POSTED January 27, 2012 8:55 p.m.

According to Al Seaton, a 20-year veteran of the marketing, advertising, and business development world, new jobs aren't going to come directly from budget-crunched governments – despite ceaseless arguments in Washington and Sacramento on the point.

But government can facilitate – and is facilitating – entrepreneurship and job creation through the successful, nationwide Small Business Development Center program, Seaton said.

“How we're going to get out of the mess we've put ourselves in is for small business to arise,” Seaton said.

The program, funded half by the federal government and half by local partners, sees SBDC offices council small businesses on nearly every conceivable point, from opening up shop to addressing problems after opening. Business plan help, financial assistance, hiring programs, and marketing guidance all fall under the SBDC's purview.

And while SBDCs try to offer at least 50 percent of their services to low-moderate income level individuals, their services are available to any small business in need of assistance.

As those small businesses grow, they hire employees, putting people back to work. Those people can then afford homes and retail goods, improving the fortunes of other industries. And everyone ends up paying tax dollars, ultimately balancing the government's budget.

But when new small businesses fail, the ventures only result in more unemployed Americans, setting back any hope of recovery.

A new report, authored by the National Small Business Development Center Advisory Board, finds that SBDCs improve startup small businesses' chances for success. Additionally, SBDC counseling improves the chances of small businesses in obtaining credit.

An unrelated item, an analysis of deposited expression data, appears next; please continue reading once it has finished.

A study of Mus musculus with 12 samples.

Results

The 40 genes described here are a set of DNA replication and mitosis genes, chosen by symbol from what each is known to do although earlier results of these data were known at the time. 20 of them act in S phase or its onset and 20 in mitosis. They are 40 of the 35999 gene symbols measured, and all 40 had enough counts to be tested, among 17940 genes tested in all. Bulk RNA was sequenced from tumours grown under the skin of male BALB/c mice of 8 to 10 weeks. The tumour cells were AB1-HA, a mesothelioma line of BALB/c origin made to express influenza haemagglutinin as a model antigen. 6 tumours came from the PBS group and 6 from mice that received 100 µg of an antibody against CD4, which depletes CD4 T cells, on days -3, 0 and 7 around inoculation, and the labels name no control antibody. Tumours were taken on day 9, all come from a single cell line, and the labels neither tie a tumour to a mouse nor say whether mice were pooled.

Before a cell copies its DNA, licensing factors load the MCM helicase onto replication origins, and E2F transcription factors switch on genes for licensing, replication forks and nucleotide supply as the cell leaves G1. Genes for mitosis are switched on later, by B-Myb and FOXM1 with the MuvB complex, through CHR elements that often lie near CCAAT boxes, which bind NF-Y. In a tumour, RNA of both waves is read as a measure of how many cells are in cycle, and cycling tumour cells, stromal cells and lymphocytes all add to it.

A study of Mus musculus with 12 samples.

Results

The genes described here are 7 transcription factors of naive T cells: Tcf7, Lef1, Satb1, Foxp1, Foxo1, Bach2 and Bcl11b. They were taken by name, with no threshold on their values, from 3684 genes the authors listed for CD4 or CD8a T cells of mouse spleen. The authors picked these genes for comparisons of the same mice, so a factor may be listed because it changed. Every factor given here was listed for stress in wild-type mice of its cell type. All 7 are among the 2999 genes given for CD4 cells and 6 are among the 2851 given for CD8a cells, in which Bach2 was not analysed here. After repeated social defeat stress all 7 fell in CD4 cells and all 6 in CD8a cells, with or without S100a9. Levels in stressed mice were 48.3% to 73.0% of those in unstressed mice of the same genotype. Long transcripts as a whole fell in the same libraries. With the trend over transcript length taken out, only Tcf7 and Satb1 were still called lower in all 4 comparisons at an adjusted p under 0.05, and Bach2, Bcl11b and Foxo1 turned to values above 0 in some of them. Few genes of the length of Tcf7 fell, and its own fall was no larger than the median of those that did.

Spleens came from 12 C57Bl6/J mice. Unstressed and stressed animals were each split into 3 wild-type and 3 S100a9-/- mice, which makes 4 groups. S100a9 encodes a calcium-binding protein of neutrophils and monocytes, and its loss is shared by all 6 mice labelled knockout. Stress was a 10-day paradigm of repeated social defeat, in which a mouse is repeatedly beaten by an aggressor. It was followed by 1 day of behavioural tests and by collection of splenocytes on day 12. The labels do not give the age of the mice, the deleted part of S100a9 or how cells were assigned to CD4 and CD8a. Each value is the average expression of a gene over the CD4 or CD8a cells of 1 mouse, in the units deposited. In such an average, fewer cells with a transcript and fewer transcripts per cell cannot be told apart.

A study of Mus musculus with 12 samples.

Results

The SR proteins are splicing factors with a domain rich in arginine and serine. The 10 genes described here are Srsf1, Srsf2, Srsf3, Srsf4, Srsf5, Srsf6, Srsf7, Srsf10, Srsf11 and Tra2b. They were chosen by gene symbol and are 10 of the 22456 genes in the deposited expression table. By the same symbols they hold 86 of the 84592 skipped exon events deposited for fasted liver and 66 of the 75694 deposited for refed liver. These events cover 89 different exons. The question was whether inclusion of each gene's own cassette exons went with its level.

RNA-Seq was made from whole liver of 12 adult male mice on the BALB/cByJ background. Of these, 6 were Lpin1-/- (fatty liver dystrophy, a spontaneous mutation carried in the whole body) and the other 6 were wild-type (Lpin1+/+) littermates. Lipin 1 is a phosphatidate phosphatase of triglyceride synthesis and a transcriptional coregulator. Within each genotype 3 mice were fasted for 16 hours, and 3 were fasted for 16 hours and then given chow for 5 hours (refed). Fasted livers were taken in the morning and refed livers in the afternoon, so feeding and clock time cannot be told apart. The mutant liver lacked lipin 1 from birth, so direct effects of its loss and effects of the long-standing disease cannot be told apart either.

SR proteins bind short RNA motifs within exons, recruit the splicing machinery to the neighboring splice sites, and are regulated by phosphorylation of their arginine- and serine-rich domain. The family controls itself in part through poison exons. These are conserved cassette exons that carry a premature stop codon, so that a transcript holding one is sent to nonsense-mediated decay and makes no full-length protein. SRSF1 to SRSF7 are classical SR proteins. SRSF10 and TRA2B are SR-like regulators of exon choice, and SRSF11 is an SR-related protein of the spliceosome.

“Small Business Development Centers give new and growing small businesses the resources they need throughout the year to grow and create jobs,” said U.S. Small Business Administration Administrator Karen Mills.  “The soundness of our economy depends on stable small businesses across the country and SBDCs are front and center helping entrepreneurs start, grow and expand their companies. These institutions reflect the diversity and individuality of their nearly 900 home towns and play an active and vital role in those.”

Nationwide, more than 557,000 entrepreneurs were helped by SBDCs in the last year alone.

In the University of California, Merced SBDC Regional Network, which covers 15 Central California counties including Stanislaus and Merced counties, more than 2,290 entrepreneurs received 14,267 hours of business advice and technical assistance last year. The effort resulted in $14.6 million in new capital investment, resulting in 655 new or retained jobs.

Since the UC Merced SBDC Regional Network's July 2003 formation, more than 13,000 clients have been seen, 602 new businesses were started, 3,822 jobs were created or retained, and nearly $160 million in new capital investment occurred.

 

Local impacts felt

The impacts of those programs can be seen locally, as downtown Turlock has played host to an SBDC satellite office for the past two-plus years. In the office's last year more than 100 clients have been counseled, leading to some notable successes.

Longstanding Turlock business Paul's Glass Company saw business surge by more than one-third in 2011, after SBDC consultation, according to Seaton, lead consultant at the Turlock Center of the Alliance SBDC.

“They've gone from struggling to actually doing very well,” Seaton said.

New businesses have seen similar successes. Through the help of the SBDC, Sheila Kendall was able to start A-PLUS Learning, a Turlock-based tutoring, counseling, and life-coaching business.

Kendall came to the SBDC in August with little more than an idea and past experience as a teacher and counselor. But with the SBDC's aid, she has since started a website, hired tutors, received a grant for startup costs, and navigated the tangled legal world of starting a business.

“We've just really networked and tried to connect with different people that we know can help us,” Kendall said. “We never would have been able to do all this by ourselves.”

For more information on Small Business Development Centers, visit www.alliancesbdc.com

For more information on A-Plus learning, visit aplusvalley.net or call 996-5264.

To contact Alex Cantatore, e-mail acantatore@turlockjournal.com or call 634-9141 ext. 2005.